Daniel Romanchuk competes in the preliminary round of the men's T54 800-meter where he broke a world record with a time of 1:29.66 on Friday at the Arizona Grand Prix in Tempe, Arizona.
TEMPE, Ariz. – Daniel Romanchuk (Mount Airy, Maryland) wasted no time making his mark on the Joe Selleh Track, breaking a world record in the preliminary session to open the Arizona Grand Prix on Friday.
The 19-year-old Paralympian broke his second world record in the span of a few weeks, shaving nearly seven-tenth-of-a-second off the previous mark to cross the finish line in 1:29.66 in the men’s T54 800-meter. Earlier this month, Romanchuk smashed the world-leading time in the 5,000 by more than four seconds at the Daniela Jutzler Memorial meet to write his name in the record books. His record-setting start in Tempe led to victories in the 800 and 5,000 on the first day of competition.
In a showdown in the men’s T64 100, two-time Paralympian Jarryd Wallace (Athens, Georgia) topped Paralympian Richard Browne (Jackson, Mississippi). Wallace, who won bronze in the event at the 2017 world championships, crossed the finish line in 11.02. This was the first face-off for the current (Browne) and former (Wallace) world record holder all season and likely the last major meeting until the next world championships in 2019.
Paralympic and world champion Roderick Townsend (Stockton, California) managed an exhausting day filled with the T46 100, long jump and high jump to come away with two wins in the field events. He finished with a mark of 2.05-meters in the high jump and 7.20m in the long jump to head into the final day of competition.
Continuing their dominance on the track in the T11 100, reigning Paralympic and world champions David Brown (St. Louis, Missouri) and guide Jerome Avery (Lemoore, California) secured gold by crossing the finish line in a time of 11.12.
Coming in as the defending Paralympic and world champion in the T46 100, Paralympian Deja Young (Mesquite, Texas) claimed the first-place spot after completing the race in 25.27.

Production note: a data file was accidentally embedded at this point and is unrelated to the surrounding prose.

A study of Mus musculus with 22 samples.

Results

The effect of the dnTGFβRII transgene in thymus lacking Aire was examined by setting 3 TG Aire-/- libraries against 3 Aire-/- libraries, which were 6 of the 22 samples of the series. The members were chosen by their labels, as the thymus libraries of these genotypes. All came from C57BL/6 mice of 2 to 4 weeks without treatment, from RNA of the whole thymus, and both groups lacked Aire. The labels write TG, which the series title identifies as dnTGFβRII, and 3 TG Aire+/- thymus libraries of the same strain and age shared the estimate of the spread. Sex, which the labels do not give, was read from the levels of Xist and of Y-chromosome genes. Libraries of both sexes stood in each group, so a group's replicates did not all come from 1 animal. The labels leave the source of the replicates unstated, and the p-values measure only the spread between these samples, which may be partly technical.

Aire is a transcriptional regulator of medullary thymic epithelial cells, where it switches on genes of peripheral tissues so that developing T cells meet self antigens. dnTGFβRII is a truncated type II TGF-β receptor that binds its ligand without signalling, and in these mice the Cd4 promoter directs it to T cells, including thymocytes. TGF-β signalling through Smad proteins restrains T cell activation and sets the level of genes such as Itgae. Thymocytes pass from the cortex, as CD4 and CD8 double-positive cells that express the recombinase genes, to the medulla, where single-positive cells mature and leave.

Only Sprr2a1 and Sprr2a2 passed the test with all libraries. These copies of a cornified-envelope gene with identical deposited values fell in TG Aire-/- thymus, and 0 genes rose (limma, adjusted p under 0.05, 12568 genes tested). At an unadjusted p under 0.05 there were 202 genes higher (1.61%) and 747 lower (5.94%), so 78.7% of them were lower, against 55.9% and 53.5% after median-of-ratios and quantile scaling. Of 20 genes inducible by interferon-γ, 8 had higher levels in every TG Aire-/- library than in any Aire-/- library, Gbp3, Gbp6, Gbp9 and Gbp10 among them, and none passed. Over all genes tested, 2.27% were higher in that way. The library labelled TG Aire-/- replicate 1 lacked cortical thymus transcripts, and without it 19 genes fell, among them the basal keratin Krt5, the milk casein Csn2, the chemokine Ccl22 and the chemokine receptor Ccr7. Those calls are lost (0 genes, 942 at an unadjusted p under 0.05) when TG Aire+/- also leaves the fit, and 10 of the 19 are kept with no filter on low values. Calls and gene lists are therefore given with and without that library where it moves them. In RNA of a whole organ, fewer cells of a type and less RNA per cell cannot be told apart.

Paralympic bronze medalist Kym Crosby (Yuba City, California), who was also the 2017 world championships bronze medalist, stole the race under the lights as she outpaced the field to finish first in the T13 100 (12.76).
Two-time Paralympian Brian Siemann (Millstone, New Jersey) opened his campaign at the Desert Challenge Games with a trio of wins in the T53 800 (1:44.65), 5,000 (10:47.22) and 100 (15.39).
The Arizona Grand Prix, which is the biggest event of the season for U.S. athletes, concludes Saturday at Arizona State University.
On his approach to the 800-meter...
“It’s been a while since I’ve been out in Tempe for this event so I just decided to take it out as fast as I could and see what happened.”
On his approach to the race during a non-Games and non-Parapan Am year…
“When it comes down to it, I try not to focus on what the clock says at the end of the race, but just trying to focus on the race itself. Today, I felt like I rushed my start a little bit, but a rush start for me is a quick start. I just have to stay patient at the end when I do have a rush start, and I did that today. I would say I’m proud with how I ran because I stayed patient. Richard (Browne) is a very dangerous last-40-meter runner, and I was able to hold him off. We had a little bit of a headwind, but it is what it is.”
On competing against Richard Browne…
“I love the energy he brings into the team and onto the track. I’m sure we’re going to trade back and forth through the next few years, and we’ll hopefully be able to put on a good show come Tokyo 2020.”
On his performance today...
“Today, my marks may not have shown how good I felt but this is only my second outdoor meet all season. I haven’t been able to jump much this year, but I’ve been working a lot on efficiency and my mindset, and just those two things allowed me to come out to this meet and have a lot of fun and be competitive. It just turned out to be exactly what I expected as far as where my mindset was, how my body felt and it just all came together really well. Again, the marks may not completely show it, but I know that on a bigger stage, today’s type of performance--the way that I felt--would be something really spectacular. I’m just really looking forward to putting it together over the next couple of years and see what happens.
On the progress she’s made…
“It’s my fastest time of the season, but still not where I need to be. It’s an off-year, and I’ve taken a lot of rest which I’ve needed, just so I can come back for 2019 and be ready to go.”
For more information and full results from the 2018 Desert Challenge Games, visit the event website and live timing website. Follow all the action and behind-the-scenes content with U.S. Paralympics Track and Field on Facebook and Instagram.